Last week, we suggested that big banks were going to get even more opprobrium heaped upon them than the President’s “responsibility fee.” This week, that’s happened and then some. The Administration’s new initiatives make more than clear that the White House has moved far afield from its initial, relatively gentle approach to the regulatory rewrite. Some attribute this solely to politics in the wake of the Massachusetts race, and there’s certainly a strong political tone to recent actions. However, as we look at what’s now on the table, the combination of politics and policy will, we think, make the proprietary-trading proposal a particularly potent one. Of the three new ideas – the crisis fee and the liability-size cap being the other two – the ban on non-traditional investments has real legs.

Since we like policy best, let’s look first at why policy arguments will advance the proposed limitations on non-customer proprietary trading and the ban on bank affiliation with hedge funds or private equity (PE) firms. The “Volcker Rule,” as it’s now been dubbed, is supported not only by solons like the former FRB chairman , but even by the Wall Street Journal – not exactly bastions of socialism. This gives the idea considerable credibility, like it or not.

There are three major concerns underpinning the Volcker Rule: earnings volatility, conflicts of interest and risk. We’ll go through each of these and then turn to politics.

Earnings volatility is perhaps the easiest concern to counter. Regulatory capital is intended to address this risk by imposing a buffer against loss. To date, there’s been no meaningful regulatory-capital requirement on the trading book of large banking organizations. That’s about to change, with a new Basel rule finalized last year that would more than triple market-risk capital and correct at least some of the flaws in value-at-risk modeling. To be sure, the industry has launched a fierce fight against these rules and they’re not even in proposed form in the U.S. However, they are coming and thus permit banks to claim with justice that non-traditional wholesale activities will soon come under a tougher prudential regime that addresses at least this aspect of their critics’ concerns.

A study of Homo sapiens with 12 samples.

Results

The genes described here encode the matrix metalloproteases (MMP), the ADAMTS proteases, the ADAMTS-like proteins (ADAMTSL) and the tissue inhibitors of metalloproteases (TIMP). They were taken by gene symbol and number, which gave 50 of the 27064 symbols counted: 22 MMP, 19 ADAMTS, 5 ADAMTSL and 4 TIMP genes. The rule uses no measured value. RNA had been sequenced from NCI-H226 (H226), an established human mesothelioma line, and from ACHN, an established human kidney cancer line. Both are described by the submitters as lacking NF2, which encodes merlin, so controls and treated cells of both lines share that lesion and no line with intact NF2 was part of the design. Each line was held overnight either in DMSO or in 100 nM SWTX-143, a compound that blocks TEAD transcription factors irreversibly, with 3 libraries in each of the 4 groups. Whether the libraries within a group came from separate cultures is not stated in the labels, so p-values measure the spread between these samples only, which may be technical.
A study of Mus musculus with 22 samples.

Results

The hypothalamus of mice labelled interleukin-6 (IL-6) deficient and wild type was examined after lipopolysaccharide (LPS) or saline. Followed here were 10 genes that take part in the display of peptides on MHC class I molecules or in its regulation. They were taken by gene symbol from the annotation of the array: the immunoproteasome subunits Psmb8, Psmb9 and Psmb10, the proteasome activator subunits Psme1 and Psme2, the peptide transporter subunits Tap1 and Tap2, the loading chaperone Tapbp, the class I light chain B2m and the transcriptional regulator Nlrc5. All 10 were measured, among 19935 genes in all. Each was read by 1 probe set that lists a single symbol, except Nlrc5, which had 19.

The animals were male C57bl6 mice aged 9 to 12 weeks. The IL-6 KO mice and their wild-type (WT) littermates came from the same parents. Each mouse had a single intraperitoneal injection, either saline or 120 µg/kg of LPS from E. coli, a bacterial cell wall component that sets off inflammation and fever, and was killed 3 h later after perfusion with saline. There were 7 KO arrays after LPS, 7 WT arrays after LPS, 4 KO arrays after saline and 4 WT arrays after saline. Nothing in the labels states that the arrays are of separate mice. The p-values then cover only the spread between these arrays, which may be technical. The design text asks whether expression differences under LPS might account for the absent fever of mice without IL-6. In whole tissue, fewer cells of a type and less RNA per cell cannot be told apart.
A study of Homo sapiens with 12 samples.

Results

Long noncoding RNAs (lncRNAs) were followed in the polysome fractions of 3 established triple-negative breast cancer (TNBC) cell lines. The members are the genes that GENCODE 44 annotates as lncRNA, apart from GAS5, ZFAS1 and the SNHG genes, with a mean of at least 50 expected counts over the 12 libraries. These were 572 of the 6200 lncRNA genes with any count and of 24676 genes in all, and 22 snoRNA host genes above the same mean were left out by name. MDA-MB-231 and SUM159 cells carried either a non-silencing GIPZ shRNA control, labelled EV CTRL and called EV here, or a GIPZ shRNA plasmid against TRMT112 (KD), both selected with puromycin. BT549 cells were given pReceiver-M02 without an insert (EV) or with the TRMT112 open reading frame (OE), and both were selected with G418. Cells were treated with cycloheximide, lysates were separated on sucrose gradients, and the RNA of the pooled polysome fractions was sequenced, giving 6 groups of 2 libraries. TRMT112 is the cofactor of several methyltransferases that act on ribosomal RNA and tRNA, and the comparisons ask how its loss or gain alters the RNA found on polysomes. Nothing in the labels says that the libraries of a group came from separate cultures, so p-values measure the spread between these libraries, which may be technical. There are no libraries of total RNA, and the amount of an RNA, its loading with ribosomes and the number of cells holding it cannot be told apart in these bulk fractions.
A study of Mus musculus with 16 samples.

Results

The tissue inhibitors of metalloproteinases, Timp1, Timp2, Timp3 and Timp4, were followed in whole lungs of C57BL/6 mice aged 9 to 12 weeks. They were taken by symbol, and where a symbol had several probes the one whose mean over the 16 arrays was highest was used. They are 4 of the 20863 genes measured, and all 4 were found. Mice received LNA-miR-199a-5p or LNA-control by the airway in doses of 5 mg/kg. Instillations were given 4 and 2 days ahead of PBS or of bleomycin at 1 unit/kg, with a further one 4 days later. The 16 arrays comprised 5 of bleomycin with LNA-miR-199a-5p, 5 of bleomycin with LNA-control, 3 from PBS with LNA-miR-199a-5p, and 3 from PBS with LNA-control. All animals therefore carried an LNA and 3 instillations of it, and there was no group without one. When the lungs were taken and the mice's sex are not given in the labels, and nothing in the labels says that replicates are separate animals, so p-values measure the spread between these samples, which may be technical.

Conflicts of interest are harder to counter, especially now that Goldman Sachs has made itself the poster child on this sore point following disclosures of how it bet against its customers. However, even if the industry foreswore this practice, risks would remain. If banks bet with their customers, then they are taking what’s called wrong-way risk – that is, they are doubling down their risk by aligning it with customers so that when customers lose, the banks do too. If banks bet against their customers, then they minimize wrong-way risk, but they are engaging in a new form of insider trading that brings us right back to the conflict of interest problem.

And, even if new policies and, maybe, some limits address conflict of interest, there’s risk. Goldman Sachs has somehow managed to make itself the poster child here too. When we listen to it talk about how no one should worry about the risk of its proprietary trading because it knows how to do this, we’re reminded of Fannie Mae. Clients will recall that it too told regulators not to worry because its risk management was above reproach. We’ll posit a simple rule to add to the Volcker one: any firm that thinks it’s smarter than everyone else is setting itself up for a fall and, if it’s of systemic size, positioning the rest of us for a costly rescue. We know that proprietary trading and hedge-fund/PE investments didn’t cause this crisis, but their size at some firms and risk – that’s why they can be so profitable – mean they well could lie at the heart of the next go-round with global chaos.

But, even if the industry beats back all these policy problems – heavy lifting – there’s still the politics of the Volcker Rule with which to reckon. This too is a formidable challenge. A lot of hedge funds, PEs and big-bank competitors want banks out of their business. Bank core funding and capital-market access has long given Goldman Sachs and, to be fair, every other banking organization a big edge over non-bank firms. That’s why some of the bigger ones pushed more vulnerable banks out of the hedge-fund and PE arena five years ago. With the Volcker Rule’s wind behind their sails, they’ll mobilize a skilled lobbying campaign against the banks. With some of these firms located in key states – Connecticut among them — this is a serious political counterweight that adds a lot of heft to the policy problem.